Every wedding is like a Burning Man for florists. You spend days of hard work and energy making something beautiful, all to tear it down a few hours later. It’s a reminder of what a breath this life is. One moment we are here, the next we are gone.
Taking down the chuppah flowers with my husband at the most recent wedding I did was both a joy and sorrow. He spent the first part of the day building it and I spent the second half making it beautiful with Garden Roses, Dahlias and Smilax. I laughed as we hacked at the wood, ripping it apart, clearing out the greenery to have it all out of the venue by midnight. I can fully appreciate why this process is maddening to most people and in many ways it should be. Humans are not wired to destroy the things they create.
The destruction of things will always be reason to grieve whether it’s a mutilated artwork, broken relationship or death itself. If eternity does not exist somewhere deep within us than perhaps we would just accept death as nature’s course. But that is not the human way. When a loved one dies, we mourn that death as the harsh reality that it is. Death feels like it should never happen despite the inevitable fate of us all.
As I write this I think of my aunt Karen who is slowly departing from us. Unlike me, she is not afraid of her finite time coming to an end. She knows more than any feeling of certainty, the bliss of eternity awaits her. The hope she has in heaven and in the God who has shown great kindness to her during her life, makes cancer a lesser enemy.
Even amidst the beauty of a heaven to come, the image of my elderly grandfather leaning over his frail daughter confounds me as I try to sleep. Why does death have to end in pain? I remember the pain I felt as I was laboring, convinced that such pain had to end in my end. Giving birth might be the closest experience I’ve had to death. I felt as the baby moved through my body that these were my final moments. Then I pushed, transcending time and space, finding new life in my arms. The parallels between birth and death go beyond the mere pains of it. Both are expressed in the last few moments of Hector Berlioz’ Requiem, Grande Messe Des Morts, Op. 5 Offertorium: Domine Jesu Christe, where a choir ascends to a culminating sound of joy, peace and elation after an anxious six minutes of somber orchestration. If you are familiar with this piece then you know exactly what I’m talking about. I can only imagine death as rebirth into a life that feels even more like home than the one I try to make for my child. I like to imagine for my aunt like I did at the birth of my son, that all which follows our finite lives is just hope actualized.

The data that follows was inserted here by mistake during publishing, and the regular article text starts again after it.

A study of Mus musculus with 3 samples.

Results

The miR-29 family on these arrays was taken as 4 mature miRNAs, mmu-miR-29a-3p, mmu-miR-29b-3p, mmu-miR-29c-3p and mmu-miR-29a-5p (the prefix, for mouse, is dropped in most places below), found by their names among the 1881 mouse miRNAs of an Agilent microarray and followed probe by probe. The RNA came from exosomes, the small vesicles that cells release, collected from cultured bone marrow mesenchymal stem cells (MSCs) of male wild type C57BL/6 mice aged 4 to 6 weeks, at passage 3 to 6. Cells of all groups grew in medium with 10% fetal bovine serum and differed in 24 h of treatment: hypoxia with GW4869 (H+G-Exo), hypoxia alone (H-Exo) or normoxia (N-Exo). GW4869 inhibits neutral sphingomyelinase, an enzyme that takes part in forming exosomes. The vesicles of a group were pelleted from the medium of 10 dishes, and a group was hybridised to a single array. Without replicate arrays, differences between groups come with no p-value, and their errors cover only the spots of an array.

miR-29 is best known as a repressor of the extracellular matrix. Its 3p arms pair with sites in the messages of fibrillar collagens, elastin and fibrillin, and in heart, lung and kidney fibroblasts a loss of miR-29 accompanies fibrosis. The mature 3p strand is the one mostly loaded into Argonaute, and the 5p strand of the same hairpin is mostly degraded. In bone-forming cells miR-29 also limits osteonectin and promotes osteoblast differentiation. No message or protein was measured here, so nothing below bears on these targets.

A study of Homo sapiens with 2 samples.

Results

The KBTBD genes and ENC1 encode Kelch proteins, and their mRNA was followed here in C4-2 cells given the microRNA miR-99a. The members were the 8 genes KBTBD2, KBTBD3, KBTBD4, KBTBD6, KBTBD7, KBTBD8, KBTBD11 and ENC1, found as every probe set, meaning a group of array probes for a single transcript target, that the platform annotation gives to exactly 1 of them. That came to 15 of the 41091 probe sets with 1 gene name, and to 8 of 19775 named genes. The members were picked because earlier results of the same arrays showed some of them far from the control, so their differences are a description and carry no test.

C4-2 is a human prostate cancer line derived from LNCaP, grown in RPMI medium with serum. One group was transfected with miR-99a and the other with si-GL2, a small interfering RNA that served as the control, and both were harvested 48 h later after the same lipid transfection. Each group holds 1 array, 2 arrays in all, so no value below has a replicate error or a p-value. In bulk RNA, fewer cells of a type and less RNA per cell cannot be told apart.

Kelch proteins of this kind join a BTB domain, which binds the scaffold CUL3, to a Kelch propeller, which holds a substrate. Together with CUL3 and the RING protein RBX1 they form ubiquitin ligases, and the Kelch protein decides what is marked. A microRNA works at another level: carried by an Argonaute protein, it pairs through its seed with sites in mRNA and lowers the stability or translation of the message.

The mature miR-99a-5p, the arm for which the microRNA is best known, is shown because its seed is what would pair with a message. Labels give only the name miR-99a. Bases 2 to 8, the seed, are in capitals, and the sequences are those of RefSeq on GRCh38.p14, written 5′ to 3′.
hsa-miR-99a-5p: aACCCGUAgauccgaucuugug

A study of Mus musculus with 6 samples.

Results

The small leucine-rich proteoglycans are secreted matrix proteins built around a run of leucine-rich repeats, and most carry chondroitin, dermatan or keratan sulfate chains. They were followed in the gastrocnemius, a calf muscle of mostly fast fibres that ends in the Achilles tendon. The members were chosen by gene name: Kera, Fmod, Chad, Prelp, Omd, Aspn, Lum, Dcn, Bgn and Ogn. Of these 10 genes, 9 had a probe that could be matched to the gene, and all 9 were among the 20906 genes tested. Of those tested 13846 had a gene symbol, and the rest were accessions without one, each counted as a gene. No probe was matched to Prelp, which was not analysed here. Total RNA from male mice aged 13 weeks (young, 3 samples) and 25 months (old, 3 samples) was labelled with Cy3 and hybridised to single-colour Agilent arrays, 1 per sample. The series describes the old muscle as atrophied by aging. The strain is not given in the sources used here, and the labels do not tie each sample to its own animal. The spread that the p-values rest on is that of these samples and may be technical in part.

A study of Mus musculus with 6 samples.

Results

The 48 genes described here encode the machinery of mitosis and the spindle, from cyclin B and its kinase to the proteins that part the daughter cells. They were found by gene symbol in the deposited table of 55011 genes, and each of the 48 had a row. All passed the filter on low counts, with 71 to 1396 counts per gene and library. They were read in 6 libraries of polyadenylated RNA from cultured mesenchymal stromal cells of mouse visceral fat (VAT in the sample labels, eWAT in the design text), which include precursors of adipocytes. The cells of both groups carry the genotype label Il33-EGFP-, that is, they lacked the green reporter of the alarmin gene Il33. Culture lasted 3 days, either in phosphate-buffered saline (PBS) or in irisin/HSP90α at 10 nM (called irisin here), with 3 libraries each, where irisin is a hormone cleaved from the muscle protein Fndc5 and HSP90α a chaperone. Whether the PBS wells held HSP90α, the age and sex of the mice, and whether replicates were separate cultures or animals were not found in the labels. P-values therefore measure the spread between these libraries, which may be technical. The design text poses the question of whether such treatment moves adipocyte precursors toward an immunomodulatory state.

No amount of hope can ever diminish the great weight of death, however when hope is satisfied than death is absolutely redeemed. Heaven seems so mythical but at least part of me feels like if I could do something as magical as having a baby or growing a plant out of the ground, couldn’t something like heaven be real? If I can re-purpose materials to make something new, can I be re-made?
When we were done taking down the greenery, my husband and I took it back to my brother and sister-in-law’s row house in Philadelphia. Rather than throwing it in the garbage or compost, I decided to re-install it as a hanging archway on their porch. It became a new creation and though these greens will one day fade back into dirt, the mystery of re-birth manifested itself in an eternal way.